Progressivism, conservatism, and the nature of rights


According to conservative political commentator, George Will, we who are progressives hold a political philosophy that is contrary to the founding principles of the United States. In his view, expressed in his book, The Conservative Sensibility, our nation is supposed to have a limited government whose only job is to protect the rights of individual citizens. Everything else is a deviation away from this ideal that creates a condition of dependency that builds on itself, requiring deficit spending to sustain this largesse.

Despite describing himself as an “amiable atheist,” Will sticks with the belief of the founders of our nation that each person possesses natural rights — a belief that he acknowledges were imperfectly applied, given how we treated Africans and aboriginal peoples. I mention his lack of religious affiliation because the typical understanding — the one that I see time and time again when talking to conservatives — is that natural rights depend on a supreme being to have granted them.

Will’s grounding of natural rights is in what he assumes to be the fixed quality of human nature, though he accepts the science of our evolution. What this permanent nature might be is not fleshed out, and perhaps he had no choice here. Asserting specific inherent characteristics would open his claim up to scientific and historical analysis, rather than keeping this nature as an axiom.

There is one way that human nature and nature’s rights can be maintained even while including a recognition of evolutionary change. Saying that rights are inherent in human beings is a start of an explanation. But following through requires a recognition of what our nature permits. We have the ability to make individual — autonomous — choices. The question of free will is a complicated one, but it does not have to be solved for this discussion. All that we have to agree to here is that we each make some number of decisions for which we are responsible and that we can make individually. Rights, then, are based on the ability of each person to choose, and anyone who feels entitled to limit the choices of someone else is obliged to make a solid case as to why such limits ought to be accepted.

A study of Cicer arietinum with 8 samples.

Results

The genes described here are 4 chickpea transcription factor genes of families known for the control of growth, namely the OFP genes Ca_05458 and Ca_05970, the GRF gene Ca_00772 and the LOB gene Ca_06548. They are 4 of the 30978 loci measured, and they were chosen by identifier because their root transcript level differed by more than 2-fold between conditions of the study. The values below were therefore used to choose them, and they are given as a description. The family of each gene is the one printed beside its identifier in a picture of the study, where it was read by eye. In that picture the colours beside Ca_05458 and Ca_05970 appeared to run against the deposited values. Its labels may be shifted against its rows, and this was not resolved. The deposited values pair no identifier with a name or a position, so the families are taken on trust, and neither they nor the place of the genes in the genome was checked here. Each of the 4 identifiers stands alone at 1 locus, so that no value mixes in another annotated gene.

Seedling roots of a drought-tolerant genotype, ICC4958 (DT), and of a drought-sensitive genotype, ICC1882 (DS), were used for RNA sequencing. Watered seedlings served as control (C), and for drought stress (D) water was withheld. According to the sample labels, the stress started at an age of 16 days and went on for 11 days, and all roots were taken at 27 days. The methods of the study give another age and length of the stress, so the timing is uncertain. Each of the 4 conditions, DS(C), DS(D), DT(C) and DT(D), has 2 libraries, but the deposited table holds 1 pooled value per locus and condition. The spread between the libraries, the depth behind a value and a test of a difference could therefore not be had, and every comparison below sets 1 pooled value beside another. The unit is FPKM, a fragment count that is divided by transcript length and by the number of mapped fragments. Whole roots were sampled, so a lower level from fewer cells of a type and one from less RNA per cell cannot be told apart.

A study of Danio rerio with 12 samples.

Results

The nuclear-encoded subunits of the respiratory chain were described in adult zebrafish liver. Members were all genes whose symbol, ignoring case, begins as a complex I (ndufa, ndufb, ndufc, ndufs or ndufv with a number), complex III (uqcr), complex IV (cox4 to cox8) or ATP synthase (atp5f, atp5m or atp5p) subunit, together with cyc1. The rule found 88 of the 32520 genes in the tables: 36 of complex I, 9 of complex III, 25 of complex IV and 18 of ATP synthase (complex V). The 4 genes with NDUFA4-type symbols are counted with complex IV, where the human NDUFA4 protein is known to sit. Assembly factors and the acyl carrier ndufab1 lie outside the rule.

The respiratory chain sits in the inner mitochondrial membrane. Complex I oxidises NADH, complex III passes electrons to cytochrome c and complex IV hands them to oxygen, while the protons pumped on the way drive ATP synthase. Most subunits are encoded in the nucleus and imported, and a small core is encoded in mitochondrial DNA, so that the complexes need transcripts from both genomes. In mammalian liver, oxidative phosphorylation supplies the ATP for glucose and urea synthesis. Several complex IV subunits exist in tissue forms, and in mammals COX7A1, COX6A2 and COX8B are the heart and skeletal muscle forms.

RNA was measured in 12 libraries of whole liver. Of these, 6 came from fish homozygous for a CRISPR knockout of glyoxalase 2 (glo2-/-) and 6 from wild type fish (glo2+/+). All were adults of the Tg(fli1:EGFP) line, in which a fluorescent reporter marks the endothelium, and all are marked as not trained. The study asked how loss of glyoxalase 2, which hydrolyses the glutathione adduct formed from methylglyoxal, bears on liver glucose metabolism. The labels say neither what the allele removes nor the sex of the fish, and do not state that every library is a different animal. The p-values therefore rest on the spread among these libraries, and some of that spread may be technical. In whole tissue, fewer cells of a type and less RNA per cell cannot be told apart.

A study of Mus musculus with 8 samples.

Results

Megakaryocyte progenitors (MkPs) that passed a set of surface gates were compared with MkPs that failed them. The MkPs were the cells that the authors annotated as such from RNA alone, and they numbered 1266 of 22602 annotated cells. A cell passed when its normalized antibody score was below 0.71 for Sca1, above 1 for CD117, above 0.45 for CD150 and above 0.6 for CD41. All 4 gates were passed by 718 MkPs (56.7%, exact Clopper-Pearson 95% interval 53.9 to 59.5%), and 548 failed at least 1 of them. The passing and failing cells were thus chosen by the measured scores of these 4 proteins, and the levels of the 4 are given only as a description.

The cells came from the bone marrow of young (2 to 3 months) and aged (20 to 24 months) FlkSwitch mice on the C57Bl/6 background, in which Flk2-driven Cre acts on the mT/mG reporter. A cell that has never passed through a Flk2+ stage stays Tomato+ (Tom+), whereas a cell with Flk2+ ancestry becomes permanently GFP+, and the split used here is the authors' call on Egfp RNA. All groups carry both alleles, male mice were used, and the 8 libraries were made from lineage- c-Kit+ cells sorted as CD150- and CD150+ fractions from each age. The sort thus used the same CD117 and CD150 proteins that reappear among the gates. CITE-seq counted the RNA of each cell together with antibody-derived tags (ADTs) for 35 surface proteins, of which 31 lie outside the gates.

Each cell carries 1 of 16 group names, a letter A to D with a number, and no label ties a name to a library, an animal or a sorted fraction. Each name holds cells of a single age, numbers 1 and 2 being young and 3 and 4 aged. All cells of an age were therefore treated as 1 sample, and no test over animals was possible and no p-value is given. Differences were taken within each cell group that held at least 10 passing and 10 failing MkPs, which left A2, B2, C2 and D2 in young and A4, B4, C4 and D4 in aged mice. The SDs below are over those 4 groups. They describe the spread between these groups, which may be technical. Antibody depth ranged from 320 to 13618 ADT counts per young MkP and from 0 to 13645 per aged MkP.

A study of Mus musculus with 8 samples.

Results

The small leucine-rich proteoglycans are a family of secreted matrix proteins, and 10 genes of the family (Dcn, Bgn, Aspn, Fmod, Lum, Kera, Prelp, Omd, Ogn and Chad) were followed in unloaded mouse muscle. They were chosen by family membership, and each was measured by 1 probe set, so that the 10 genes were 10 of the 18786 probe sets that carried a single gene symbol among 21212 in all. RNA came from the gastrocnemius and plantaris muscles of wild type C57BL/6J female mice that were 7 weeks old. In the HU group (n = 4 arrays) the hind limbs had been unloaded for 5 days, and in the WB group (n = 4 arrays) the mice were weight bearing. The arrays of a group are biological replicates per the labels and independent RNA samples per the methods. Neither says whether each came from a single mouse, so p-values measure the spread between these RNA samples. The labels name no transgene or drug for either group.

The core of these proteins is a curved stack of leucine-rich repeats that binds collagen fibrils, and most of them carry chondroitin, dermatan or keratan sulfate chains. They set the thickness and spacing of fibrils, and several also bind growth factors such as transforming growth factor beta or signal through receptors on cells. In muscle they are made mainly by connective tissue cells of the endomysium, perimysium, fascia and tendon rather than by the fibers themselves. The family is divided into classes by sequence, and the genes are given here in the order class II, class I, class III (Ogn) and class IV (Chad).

My saying this might surprise Will, given my leftist, progressive political orientation. I cannot speak for all on the left, and when Will characterizes progressivism as anti-individual in its emphasis on collective programs, he is not offering a straw man in all cases, but it is my contention that my political philosophy does not have to be contradictory to his commitment to individual liberty.

Will’s book is written from the perspective of someone who had the privileges of being born into economic success and access to higher education. Such a person is likely to see social services as something for others, something that he has to pay for, but will never use. He disparages the notion of leveling playing fields because for him, this means a lowering of his relative position.

By contrast, progressivism to me means opening up opportunities to all, not merely to the lucky few. Will cites Franklin Roosevelt’s statement that necessitous people are not free and then dismisses it as an invitation to programs that make people dependent. But this is easy for anyone who has never worried about the next meal or next prescription to do. And unlike the early days of America that Will idealizes, we are not in a position in which anyone with sufficient ambition can go west and build a life without aid. Modern medicine costs a lot, and free land — or land that could be stolen from its owners, with the federal government providing assistance to the thieves — is gone. Corporations distort the balance of power between workers and managers or customers and sellers that was much fairer when such transactions were made by people who knew each other as fellow residents of a small community. And as wealth is concentrated into the hands of the few, the social mobility that Will imagines to be inherent in our system becomes much less realistic.

Guaranteeing that everyone has access to the benefits that education and healthcare provide will mean taxation to pay for this. Requiring employers to respect workers will mean a limit on what those employers can choose. But this is not in fact an injustice. It is a demand that we have an honest view of how wealth and other opportunities are created.

The core of progressivism, at least as I am formulating it, is a plan to fulfill the promise of individual autonomy. A person who is dying of an illness that is too personally expensive to have treated really is not free, no matter how cheerful Will feels about not having to pay for anyone else’s medical care, for example. A society suffering from the excess of violence that results from masses of people who are kept in ignorance and poverty by laissez-faire economics has the freedom to die in a wide variety of tedious ways.

This is to say that I agree with Will’s goal of maximizing individual freedom. My argument with him is over how to achieve that, and I insist that when making this case, we have to take reality into account.

Gee, Camp, what were you thinking? Supports gay rights, #2a, #1a, science, and other seemingly incongruous things. Books available on Amazon.